As many as 40 percent of women older than age 30 have a condition known as uterine fibroids. In most women, the fibroids are harmless growths that don’t interfere with their daily lives. But in some instances, when the fibroids grow, the benign lumps can cause problems that require medical attention.

Signs and testing

Uterine fibroids, medically known as leiomyomata, are masses made of muscle and other tissues. They can be as small as a pea or as large as a grapefruit; they often appear in clusters.

Although doctors don’t know why they form, they have found that fibroids occur most often during high-estrogen periods, such as during reproductive years, pregnancy or oral-contraceptive use.

Fortunately, fibroids are not dangerous and usually don’t cause any symptoms. In some case, women may experience:

  • heavy menstruation
  • anemia (fatigue, paleness, rapid heartbeat)
  • difficult or frequent urination
  • constipation
  • lower-back pain
  • pressure in the lower abdomen
  • infertility or miscarriage

If you think you might have fibroids, see your doctor right away. He or she will perform tests to rule out any other causes of the symptoms, such as ovarian cysts.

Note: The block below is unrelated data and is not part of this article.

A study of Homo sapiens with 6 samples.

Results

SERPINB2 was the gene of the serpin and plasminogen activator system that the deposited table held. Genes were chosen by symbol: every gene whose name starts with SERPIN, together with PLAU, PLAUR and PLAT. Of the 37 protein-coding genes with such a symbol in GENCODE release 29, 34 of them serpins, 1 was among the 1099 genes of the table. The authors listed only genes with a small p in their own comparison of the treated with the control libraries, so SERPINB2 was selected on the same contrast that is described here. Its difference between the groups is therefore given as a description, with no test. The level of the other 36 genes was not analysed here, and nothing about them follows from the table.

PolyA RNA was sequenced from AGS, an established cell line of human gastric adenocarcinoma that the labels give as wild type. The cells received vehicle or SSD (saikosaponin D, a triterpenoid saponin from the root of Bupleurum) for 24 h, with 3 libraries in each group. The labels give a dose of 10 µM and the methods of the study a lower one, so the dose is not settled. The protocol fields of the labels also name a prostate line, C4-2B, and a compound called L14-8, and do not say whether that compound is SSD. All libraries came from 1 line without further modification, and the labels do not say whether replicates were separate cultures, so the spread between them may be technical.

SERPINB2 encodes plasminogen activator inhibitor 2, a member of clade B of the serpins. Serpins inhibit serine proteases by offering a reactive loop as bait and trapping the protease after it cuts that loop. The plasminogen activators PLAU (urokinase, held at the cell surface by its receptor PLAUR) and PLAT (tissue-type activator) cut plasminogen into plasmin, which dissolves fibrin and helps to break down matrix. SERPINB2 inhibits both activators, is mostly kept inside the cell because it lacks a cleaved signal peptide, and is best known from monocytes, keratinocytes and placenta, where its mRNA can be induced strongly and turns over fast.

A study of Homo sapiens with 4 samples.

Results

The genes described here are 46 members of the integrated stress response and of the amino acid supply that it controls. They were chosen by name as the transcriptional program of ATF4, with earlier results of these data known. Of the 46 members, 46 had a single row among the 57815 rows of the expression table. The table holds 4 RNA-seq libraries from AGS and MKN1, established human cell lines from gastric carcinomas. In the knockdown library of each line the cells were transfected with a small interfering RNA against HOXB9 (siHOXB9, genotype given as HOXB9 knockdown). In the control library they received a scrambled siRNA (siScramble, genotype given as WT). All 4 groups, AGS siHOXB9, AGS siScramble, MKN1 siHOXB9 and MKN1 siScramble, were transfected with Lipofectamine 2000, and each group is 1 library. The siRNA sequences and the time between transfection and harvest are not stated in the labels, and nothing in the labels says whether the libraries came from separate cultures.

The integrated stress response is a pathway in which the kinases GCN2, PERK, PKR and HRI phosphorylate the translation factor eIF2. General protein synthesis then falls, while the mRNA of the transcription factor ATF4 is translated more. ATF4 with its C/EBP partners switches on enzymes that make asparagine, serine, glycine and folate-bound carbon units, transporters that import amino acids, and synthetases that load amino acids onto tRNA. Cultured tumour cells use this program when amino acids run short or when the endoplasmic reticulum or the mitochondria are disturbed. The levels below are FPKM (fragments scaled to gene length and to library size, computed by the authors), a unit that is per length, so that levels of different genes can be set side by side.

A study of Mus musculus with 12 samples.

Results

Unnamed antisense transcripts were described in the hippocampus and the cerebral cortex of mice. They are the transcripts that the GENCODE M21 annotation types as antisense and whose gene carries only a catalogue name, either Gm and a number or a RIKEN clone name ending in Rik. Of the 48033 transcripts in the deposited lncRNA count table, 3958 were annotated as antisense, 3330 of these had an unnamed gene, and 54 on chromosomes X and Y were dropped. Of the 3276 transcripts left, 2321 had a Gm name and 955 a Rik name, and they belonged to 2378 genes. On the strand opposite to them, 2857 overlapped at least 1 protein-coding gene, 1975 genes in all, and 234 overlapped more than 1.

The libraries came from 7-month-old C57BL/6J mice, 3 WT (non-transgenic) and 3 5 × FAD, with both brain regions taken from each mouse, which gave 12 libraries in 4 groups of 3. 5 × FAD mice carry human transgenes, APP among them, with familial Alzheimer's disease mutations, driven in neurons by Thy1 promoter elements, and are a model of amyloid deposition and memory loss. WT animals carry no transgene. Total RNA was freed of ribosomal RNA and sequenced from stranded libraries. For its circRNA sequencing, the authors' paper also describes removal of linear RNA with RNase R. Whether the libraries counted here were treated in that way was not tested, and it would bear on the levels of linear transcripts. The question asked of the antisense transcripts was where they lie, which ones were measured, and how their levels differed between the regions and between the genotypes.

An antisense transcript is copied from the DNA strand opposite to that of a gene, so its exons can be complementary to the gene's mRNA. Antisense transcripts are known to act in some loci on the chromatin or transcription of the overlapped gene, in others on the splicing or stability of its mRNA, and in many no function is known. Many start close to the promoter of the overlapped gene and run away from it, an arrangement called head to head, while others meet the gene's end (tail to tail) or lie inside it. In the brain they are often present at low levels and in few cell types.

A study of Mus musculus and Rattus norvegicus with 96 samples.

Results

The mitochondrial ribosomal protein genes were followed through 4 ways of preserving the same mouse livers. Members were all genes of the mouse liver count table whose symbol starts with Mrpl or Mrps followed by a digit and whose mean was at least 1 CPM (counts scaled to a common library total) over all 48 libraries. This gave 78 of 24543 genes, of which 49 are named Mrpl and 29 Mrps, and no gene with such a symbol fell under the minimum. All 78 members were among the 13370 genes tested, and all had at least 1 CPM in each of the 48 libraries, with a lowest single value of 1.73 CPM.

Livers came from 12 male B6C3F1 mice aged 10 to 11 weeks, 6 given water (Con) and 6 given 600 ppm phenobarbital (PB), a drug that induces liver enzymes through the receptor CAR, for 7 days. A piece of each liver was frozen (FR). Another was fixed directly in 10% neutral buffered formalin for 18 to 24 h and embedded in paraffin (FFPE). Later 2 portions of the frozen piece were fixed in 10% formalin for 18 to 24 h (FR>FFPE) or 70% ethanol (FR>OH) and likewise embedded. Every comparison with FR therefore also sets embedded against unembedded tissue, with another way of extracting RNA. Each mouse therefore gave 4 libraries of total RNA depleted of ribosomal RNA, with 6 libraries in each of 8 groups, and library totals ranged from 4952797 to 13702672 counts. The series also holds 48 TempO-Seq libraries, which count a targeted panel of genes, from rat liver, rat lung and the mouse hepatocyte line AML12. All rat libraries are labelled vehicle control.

Since many women don’t have symptoms, the first time the fibroids are discovered is during another medical procedure or routine pelvic exam. The doctor may perform an ultrasound (an imaging technique using sound waves) or a biopsy to confirm diagnosis. In a biopsy, a sample of the tissue from inside the fibroid is removed and examined.


Doctors can treat uterine fibroids in many ways.

  • Medication. Hormone therapies designed to block estrogen can shrink fibroids temporarily.
  • Myomectomy. This surgery removes the fibroids but keeps the uterus intact. This procedure can be performed in three ways: laparotomy, removing the masses via a large incision in the abdomen; laparoscopy, using a laser for fibroid removal through a small incision; hysteroscopy, using a laser to remove the fibroids and the uterine lining.

    Fertility can be preserved—and in some cases restored—with both laparotomy and laparoscopy. However, with all three procedures, there’s a chance the fibroids may return. Myomectomy is not recommended for patients with large fibroids.

  • Fibroid embolization. A newer method of fibroid removal, this procedure involves the injection of tiny plastic or sponge particles into the arteries that supply blood to the fibroids, essentially starving the fibroid. The long-term effects of this technique have not been determined yet.
  • Hysterectomy. The procedure is the only way to prevent reoccurrence but is usually only recommended when the fibroids are very large or life threatening.

Your doctor will help you decide which treatment is best for you.